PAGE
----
Aug 29, 2018

Pinellas County is in the middle of their first measles outbreak in 20 years, and the number of cases keeps building. Since August 13, there have been seven reported cases in the county, and as of Wednesday, there are nine in the state.

Officials with the Florida Department of Health in Pinellas County said some of the recently infected people are related, with one reporting international travel. They add that the cases are no longer contagious, but they are still investigating.

Jose Montero, an infectious disease physician with the USF Health Morsani College of Medicine, believes the recent outbreaks have been caused by both increased travel and decreased vaccination.

“When you get vaccinated, you’re protecting yourself, but you’re also protecting the people around you.” He explained that for any disease, you need to have a certain number of people vaccinated in order to prevent it from spreading. Because measles is so infectious, that number has to be quite high.

Montero, who has practiced for over 20 years, says he has never seen a case of measles. He believes the growing number of unvaccinated people is because they just don’t see measles as a real threat. 

“We’ve become a product of our own success,” he said, adding that because there are generations who have never seen a measles outbreak, they start questioning if they really need the protection vaccines provide.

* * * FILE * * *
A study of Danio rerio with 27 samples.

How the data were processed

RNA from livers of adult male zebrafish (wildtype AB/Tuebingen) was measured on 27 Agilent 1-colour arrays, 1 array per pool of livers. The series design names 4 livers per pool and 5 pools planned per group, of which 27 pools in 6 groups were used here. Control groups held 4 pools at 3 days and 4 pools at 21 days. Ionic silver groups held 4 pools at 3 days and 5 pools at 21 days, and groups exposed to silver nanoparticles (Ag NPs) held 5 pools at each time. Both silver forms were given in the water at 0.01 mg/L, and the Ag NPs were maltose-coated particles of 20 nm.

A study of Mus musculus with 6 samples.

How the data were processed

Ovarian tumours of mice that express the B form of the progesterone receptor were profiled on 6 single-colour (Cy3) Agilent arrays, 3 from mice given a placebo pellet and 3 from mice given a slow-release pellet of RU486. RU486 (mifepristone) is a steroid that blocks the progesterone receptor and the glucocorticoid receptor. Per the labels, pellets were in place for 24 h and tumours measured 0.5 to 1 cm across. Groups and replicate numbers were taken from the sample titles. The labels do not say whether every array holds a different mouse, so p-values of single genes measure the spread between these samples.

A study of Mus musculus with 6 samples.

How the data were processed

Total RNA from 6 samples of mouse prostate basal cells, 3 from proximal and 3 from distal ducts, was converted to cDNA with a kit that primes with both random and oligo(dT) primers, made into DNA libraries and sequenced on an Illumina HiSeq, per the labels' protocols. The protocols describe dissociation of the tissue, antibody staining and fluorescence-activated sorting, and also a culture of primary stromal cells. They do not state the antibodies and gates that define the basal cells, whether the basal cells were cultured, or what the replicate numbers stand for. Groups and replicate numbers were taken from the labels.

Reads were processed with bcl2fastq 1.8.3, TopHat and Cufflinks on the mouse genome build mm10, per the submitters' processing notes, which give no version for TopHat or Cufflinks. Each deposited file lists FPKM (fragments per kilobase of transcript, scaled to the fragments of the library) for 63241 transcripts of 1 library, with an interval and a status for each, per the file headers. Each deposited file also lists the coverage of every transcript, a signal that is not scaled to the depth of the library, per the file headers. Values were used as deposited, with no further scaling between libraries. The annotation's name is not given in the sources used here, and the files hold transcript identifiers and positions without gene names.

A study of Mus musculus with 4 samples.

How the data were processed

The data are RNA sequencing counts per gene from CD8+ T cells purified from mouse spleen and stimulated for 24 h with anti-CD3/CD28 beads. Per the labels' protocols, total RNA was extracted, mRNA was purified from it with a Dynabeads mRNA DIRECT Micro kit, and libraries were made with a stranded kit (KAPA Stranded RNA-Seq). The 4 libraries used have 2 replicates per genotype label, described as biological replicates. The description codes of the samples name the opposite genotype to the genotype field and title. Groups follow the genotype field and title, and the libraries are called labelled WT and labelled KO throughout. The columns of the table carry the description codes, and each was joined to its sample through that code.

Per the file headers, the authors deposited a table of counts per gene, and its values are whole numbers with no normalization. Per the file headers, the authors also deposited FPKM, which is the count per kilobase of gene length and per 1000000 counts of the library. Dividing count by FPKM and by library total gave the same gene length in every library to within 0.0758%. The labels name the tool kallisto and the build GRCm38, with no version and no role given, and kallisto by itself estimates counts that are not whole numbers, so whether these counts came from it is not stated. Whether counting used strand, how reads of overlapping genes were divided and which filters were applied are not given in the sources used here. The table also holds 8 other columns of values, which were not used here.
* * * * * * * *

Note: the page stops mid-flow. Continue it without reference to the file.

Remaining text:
“Unfortunately, there’s misinformation out there, fear and a little bit of complacency because we haven’t seen the virus as a problem,” he said.

Montero said that measles is still prevalent in other parts of the world and because we are now living in a global society, there’s a new risk of reintroduction.

Jill Roberts, an assistant professor at USF’s College of Public Health, puts the responsibility on social media, where many groups advocate against vaccinations. She said that others who would normally vaccinate, see these groups and become convinced that vaccines are dangerous.

“The most important thing is to understand that the vaccine was invented in the first place because measles is dangerous,” Roberts said. “It’s common for people to say ‘oh it’s a childhood rash it’s not a big concern,’ but that’s simply not true.”

Both Montero and Roberts said that getting educated is the best way to tackle the problem.

“Be very careful with where you’re getting your sources of information,” Roberts warned, saying that some are profiting off of causing fear of vaccines.